18.5 years ago, Shelly Sundberg was looking for a place to volunteer while her children were small. She discovered FamilyWorks and when her children were both in elementary school, they started volunteering with their mother. Now her kids are 22 and 24 and they still come back every year to volunteer with friends and family on the day after Christmas in the food bank.
Sundberg, who has a demanding job at the Gates Foundation working as a Nutrition Senior Program Officer finds volunteering at FamilyWorks a great change of pace from her hectic day job. She travels every month for about 1.5 weeks, often to multiple destinations. This past year she traveled to 20 different destinations! But she always manages to volunteer at the food bank when she is in town.
“They call me the closer,” she laughs.
And that’s because she usually shows up after work, towards the end of the food bank hours, and jumps in to help the staff clean up and close down.
She’s been involved in so many ways at FamilyWorks. She was on the board for several years and was even the President back in 2002. For a few years she delivered food to some people who lived in between the Fremont and Wallingford neighborhoods. This was incredibly eye-opening for her and reinforced the reality that hunger was an invisible problem and yet it existed right in her own neighborhood.
At some point, around 15 years ago, Sundberg decided she wanted to give the food bank staff a day off around the Christmas holidays. She brought her family and friends to run the food bank on a day when it was open to participants and has been doing it ever since.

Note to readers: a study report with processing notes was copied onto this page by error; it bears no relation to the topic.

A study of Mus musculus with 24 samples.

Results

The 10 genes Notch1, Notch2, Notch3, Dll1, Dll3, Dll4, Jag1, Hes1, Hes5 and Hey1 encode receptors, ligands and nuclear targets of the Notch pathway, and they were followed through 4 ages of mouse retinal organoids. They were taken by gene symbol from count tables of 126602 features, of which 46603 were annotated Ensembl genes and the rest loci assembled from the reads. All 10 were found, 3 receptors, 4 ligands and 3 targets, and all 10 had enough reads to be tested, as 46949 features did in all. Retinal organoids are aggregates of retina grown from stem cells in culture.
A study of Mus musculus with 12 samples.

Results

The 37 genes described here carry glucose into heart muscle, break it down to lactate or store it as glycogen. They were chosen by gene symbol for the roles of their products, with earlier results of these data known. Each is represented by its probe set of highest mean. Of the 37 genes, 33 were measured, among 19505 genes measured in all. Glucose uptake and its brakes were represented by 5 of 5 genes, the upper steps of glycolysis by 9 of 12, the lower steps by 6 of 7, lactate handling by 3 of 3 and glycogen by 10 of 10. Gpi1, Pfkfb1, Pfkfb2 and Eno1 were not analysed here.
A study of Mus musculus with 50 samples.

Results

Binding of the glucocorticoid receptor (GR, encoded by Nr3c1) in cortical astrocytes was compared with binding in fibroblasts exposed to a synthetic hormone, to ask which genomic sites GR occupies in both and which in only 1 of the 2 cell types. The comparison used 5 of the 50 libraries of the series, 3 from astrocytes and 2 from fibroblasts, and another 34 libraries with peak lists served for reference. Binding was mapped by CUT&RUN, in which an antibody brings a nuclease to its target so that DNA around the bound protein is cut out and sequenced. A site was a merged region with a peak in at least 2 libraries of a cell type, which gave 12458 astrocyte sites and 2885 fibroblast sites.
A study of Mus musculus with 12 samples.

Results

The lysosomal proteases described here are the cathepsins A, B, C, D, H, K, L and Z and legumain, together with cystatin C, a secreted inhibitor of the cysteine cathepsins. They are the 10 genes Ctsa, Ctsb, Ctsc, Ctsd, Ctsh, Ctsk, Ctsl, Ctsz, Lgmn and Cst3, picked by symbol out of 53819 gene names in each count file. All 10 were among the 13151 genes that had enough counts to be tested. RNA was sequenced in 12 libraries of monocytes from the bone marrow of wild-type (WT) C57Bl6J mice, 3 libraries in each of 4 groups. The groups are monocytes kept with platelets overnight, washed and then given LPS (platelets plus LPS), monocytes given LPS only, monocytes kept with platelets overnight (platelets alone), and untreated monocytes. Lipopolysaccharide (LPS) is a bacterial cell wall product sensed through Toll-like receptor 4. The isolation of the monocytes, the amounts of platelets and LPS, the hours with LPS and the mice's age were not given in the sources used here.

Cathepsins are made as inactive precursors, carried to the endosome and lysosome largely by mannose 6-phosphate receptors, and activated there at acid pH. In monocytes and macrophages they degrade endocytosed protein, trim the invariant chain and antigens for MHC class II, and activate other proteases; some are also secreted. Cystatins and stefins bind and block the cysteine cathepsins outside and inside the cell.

“I wanted my kids to see more of just their own lives and I believe it is important to give back.”
And it’s a big crowd of helpers: Sundberg’s two children, her sisters and their children, four cousins, and a handful of friends. All in all, about 15 people show up at the food bank ready to make a difference.
Starting kids early in community service has an impact in their later years: Sundberg’s daughter regularly volunteers in the community and Sundberg believes those early years at the food bank really influenced her.
Being at the food bank was an incredible time of learning for her kids, she said. They witnessed situations at the food bank that created opportunities for discussion at home about some difficult topics.
As a volunteer, Sundberg was often the first point of contact for some of the participants. She recalled that people came to the food bank for all kinds of reasons and being there often brought up feelings for them. Sundberg remembered a woman who was a teacher, saying angrily, “I shouldn’t be here– I am not like the rest of these people.”
“The community is very diverse and full of all sorts of people. We need to be sensitive to where people are at in their lives,” she said.
Sundberg said that when she sees a participant who has not been there for a long time, she knows they are really struggling.
“I feel a tug in my heart,” she said.
Do you have a story about a volunteer experience you’ve had at FamilyWorks? Tell us about it! Email Elizabeth Ralston at email@example.com.